July 10, 2009
Salmon en Papillote
by Gareth Mark
Cooking en papillote is an easy do-ahead preparation that is virtually foolproof, and it's a fabulous way to impress guests! Children also enjoy being able to rip open the little present you've left on their plates.
Start by removing the pin bones from the fish if it has any. Lay out a sheet of parchment paper. Visually divide the sheet in half, then center the fish in the middle of one half. For this dish, I used a salmon fillet. Season the fish, then add whatever vegetables you wish to serve with it. In addition to salt, I used fresh dill and thinly sliced lemon. For vegetables I used red bell pepper and green beans. The whole was topped with some caramelized onions and about a tablespoon of butter to make a sauce.
Fold the parchment in half and crimp the edges. I find that simply crimping and tucking as I work my way around works fine. Sometimes it takes an extra fold or two to get the package to hold together. Carefully slide the packet onto a baking sheet. If you're making this ahead of time, put it in the refrigerator until time to cook.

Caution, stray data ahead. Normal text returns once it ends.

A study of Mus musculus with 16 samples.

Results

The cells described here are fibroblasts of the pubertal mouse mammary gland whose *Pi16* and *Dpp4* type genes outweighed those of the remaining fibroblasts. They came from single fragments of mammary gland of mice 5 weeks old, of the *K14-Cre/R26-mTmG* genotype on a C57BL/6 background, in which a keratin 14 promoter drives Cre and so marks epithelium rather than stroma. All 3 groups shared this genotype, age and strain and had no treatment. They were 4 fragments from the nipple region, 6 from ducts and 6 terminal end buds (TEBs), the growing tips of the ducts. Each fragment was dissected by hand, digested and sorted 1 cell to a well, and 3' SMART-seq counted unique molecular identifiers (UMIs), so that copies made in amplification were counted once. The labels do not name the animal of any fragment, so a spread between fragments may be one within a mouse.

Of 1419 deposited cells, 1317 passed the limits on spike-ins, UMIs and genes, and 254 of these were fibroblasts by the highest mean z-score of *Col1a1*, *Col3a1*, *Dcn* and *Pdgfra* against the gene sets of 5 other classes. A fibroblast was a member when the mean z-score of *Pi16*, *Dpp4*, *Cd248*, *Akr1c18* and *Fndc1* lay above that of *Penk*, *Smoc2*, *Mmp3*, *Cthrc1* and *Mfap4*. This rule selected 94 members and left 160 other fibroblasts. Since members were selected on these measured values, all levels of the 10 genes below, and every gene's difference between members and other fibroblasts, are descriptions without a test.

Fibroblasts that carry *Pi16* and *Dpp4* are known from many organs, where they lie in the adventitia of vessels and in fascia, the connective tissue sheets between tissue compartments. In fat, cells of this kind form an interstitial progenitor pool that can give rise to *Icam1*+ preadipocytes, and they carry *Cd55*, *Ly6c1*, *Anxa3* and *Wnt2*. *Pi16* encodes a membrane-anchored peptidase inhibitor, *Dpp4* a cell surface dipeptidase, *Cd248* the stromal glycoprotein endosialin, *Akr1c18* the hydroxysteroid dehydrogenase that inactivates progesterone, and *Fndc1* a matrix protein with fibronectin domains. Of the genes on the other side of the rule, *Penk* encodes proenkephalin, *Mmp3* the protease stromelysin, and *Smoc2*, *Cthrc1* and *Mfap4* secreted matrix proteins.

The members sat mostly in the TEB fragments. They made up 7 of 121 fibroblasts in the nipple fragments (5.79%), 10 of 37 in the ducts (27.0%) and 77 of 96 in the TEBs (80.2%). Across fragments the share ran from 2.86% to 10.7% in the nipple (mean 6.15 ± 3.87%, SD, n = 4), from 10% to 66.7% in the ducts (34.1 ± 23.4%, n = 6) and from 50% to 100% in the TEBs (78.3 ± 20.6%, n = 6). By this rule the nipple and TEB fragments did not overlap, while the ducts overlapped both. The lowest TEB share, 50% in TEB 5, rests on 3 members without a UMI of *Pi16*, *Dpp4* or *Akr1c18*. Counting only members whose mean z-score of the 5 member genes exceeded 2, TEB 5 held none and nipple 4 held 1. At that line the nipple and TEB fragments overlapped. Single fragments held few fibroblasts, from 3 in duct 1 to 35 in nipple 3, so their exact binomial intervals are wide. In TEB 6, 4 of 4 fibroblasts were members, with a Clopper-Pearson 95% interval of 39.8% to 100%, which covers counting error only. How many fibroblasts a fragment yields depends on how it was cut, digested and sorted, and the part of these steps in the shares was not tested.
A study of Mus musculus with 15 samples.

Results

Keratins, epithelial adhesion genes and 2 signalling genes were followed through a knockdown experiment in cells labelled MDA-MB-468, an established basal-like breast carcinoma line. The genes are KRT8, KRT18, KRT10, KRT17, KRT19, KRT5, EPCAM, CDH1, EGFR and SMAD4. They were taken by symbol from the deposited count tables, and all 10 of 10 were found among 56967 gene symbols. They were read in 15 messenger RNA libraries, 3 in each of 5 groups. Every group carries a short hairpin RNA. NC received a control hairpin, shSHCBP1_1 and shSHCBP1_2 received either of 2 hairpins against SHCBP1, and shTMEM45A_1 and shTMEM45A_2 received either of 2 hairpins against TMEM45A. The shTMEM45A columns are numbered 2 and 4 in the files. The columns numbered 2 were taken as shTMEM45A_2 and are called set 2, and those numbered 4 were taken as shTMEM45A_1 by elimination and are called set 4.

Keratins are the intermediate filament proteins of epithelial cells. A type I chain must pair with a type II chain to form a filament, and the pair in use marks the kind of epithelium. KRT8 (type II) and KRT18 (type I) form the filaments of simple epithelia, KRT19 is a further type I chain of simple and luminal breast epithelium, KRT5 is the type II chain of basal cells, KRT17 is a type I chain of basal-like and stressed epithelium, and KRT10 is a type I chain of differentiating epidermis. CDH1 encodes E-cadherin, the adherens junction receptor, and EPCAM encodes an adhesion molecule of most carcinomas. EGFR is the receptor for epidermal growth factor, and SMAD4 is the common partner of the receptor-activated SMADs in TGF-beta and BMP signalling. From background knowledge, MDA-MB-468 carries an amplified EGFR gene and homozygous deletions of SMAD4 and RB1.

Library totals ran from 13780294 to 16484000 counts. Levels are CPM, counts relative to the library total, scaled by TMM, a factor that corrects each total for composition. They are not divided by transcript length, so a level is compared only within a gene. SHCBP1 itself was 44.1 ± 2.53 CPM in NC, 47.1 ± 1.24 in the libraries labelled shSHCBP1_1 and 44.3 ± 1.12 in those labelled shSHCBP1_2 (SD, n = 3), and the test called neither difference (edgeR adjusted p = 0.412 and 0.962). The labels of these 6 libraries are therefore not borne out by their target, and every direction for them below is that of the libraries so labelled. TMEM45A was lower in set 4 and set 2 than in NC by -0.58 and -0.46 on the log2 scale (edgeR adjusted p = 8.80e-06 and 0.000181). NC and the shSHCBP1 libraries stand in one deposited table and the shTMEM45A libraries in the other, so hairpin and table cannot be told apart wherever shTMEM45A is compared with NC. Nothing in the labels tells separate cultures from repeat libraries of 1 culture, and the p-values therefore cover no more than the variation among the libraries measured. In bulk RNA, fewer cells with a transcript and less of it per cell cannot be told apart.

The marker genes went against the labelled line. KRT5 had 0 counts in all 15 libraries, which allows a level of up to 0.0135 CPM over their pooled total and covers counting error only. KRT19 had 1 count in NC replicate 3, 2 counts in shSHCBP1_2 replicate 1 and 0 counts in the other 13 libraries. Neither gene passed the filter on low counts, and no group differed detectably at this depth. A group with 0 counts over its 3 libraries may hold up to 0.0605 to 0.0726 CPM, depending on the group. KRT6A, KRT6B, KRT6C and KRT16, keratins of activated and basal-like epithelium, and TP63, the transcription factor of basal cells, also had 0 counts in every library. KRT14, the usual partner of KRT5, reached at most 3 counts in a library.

When you're ready to eat, slide the baking sheet into a medium oven and cook until done. You won't be able to check for doneness, so be sure you have a good idea how long the fish will take. The salmon fillet I used needed 12 minutes. Remember that when cooking en papillote you're partially steaming what you're cooking, so things cook faster. It's better to stop too soon with fish than to overcook, so err on the side of shorter cooking times. Besides, things keep cooking for awhile in the packet because of residual heat.
Carefully place the packets on plates and serve. Your guests will tear open the packet to release a wonderfully aromatic steam and find everything inside is cooked just right with flavors that are distinct, yet with notes from the other items in the packet.